As you may have heard by now, the Titans drafted Marcus Mariota to play quarterback. The hope is obviously that he will remain there for the next decade, and solidify the position. While this is great, and I personally believe that Mariota can do it, it is time to start thinking about the next part—building around your quarterback. Ruston Webster did a great job during the draft to surround Mariota with young weapons that can hopefully grow together. However, it does not stop there. Many associate building around your quarterback as signing or drafting players at only skill positions, and maybe left tackle. But, building the "Mariota Titans" is a task that will require addressing every facet. It sounds like a supremely obvious idea that is unrelated to Mariota when you break it down—you need to build your football team with good players. However, Mariota is related from a financial standpoint. Given the new rookie contracts, the window has officially opened for the next 5 years for the team to build a legitimate contender.
Under the old NFL Collective Bargaining Agreement, first round rookies got huge contracts. If they were picked in the top 3, it was a significant amount of money that only increased yearly. Sam Bradford, the last rookie Quarterback picked in the top 3 who received one of these contracts got a deal for 6 years, $76 million in 2010. I am not going to try to accurately extrapolate the numbers, but Mariota, selected 5 years later, would have gotten $90-100 million, I’m estimating. However, based on Jameis Winston’s 4 year, $23 million contract, it appears likely that Mariota will receive about 4.5 to 5 million dollars per year for the next couple of years.
Under the old rookie contracts, a traditional idea was the "five year plan." A team selects its Quarterback, can slowly build through the draft and improve, and hopefully become a contender years down the road. However, in the NFL under this new Collective Bargaining Agreement, this approach seems relatively outdated. That is not to say that teams, specifically the Titans in this situation, should not continue to build through the draft, because this is always the way to go as far as building a team, and Ruston Webster agrees. However, the five year plan seems to have been accelerated. Teams now need to take advantage of not having to shell out a significant amount of cash to quarterbacks right off the bat, and get aggressive when building in the relative short term, before the quarterback reaches his second contract. This is where, if they turn out to be elite, or even just above average as Andy Dalton, Colin Kaepernick, and Ryan Tannehill have shown, teams will have to pay big time money.
Ideally, this team should at least show some form of competition for the playoffs within the next 2 to 3 years. After last season, I know that sounds ludicrous, but if the Titans are there, then they are following the blueprint very well. This can allow them to use free agency to their advantage. Unlike past years where they have had to be "aggressive" due to a poor roster, and have overpaid subpar players, they can be aggressive in a different way. The team can add pieces, which is what free agency is meant for, instead of attempting to overhaul the roster. Mariota is a factor here as well. If he turns out to be the quarterback that we all hope he will be, skill players may be more enticed to come to Tennessee. I know that money talks, but taking less money to play with a top quarterback is something that skill players do. Wes Welker took less to play in Denver than to play in Tennessee years ago. Randall Cobb did the same by staying with Green Bay instead of moving to Jacksonville. Also, Mariota’s contract can allow the team to spend more money re-signing its own during this window. A nice mesh between these alone should speed things up tremendously when it comes to re-building this team. The Titans were smart by already starting to build around Mariota, exclusively on offense. This opens things up for next off-season, when they can take the same approach to the draft, except on the defensive side of the football. In two years, the Titans could have completely changed the look of the entire team on both sides. It’s a reason why the playoffs in the next couple of years seems to be something to look at, even considering what happened last year.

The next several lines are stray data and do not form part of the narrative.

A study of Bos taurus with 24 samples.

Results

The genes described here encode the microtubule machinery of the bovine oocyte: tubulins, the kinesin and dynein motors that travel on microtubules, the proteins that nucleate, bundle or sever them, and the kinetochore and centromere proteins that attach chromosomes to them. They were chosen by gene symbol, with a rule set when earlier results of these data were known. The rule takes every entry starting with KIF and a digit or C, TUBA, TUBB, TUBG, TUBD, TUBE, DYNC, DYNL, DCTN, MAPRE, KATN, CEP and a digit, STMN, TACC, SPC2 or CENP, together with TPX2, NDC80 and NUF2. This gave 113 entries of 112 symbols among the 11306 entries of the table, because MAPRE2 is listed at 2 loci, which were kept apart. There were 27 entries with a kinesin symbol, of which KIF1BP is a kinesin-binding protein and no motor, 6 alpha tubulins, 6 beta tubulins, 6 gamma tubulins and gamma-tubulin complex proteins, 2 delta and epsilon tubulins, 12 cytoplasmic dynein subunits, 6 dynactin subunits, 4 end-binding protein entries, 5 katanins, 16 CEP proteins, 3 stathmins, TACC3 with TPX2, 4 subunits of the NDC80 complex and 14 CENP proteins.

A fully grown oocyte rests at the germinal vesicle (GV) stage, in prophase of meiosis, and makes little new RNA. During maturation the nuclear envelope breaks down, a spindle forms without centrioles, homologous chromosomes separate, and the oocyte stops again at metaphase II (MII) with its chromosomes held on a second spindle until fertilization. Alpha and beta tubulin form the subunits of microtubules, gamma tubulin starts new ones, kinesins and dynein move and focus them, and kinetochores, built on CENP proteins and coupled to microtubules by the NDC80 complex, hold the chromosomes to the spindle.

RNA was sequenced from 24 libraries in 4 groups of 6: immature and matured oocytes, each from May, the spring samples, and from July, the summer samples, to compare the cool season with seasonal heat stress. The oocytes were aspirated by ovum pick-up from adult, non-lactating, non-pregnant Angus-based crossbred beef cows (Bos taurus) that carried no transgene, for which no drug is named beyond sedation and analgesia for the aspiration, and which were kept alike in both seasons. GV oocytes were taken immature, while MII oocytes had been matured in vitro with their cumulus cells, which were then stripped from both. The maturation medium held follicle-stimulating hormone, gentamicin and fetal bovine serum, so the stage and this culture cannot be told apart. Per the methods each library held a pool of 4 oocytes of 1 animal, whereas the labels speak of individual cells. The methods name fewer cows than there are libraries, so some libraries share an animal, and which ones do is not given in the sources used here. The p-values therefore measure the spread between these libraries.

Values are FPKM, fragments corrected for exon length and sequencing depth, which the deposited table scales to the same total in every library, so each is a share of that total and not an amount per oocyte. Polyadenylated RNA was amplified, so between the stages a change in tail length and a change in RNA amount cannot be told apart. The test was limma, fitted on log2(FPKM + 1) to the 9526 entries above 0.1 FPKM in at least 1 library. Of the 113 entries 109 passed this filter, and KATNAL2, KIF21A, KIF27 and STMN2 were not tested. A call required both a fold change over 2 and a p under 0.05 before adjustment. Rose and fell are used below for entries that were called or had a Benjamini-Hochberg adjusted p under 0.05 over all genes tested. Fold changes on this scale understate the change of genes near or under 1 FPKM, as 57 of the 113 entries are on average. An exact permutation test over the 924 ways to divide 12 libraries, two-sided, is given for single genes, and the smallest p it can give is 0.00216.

This is not to say that the Titans must win the Super Bowl in the next five years, or even that they absolutely have to make the playoffs in the next 2 to 3 years. The bottom line is that they have a 5 year window to build the team up as much as they can around Mariota before they have to pay him a significant amount of money. This is a reason why the Colts added a lot of veterans, like Andre Johnson, Trent Cole, and Frank Gore this off-season. With Luck likely getting ready to become the highest paid player in NFL history, they are making one last run at a Super Bowl during this window under his rookie contract before they have to make tough financial decisions. The Seahawks are another example—they are typically pretty flexible in free agency, and have been aggressive in building the team as much as they can before Russell Wilson gets his contract next year. The rookie contract is not a window where teams *must* win a Super Bowl in 5 years, but the way things have shaped up recently, it appears as if it is the most optimal time to strike.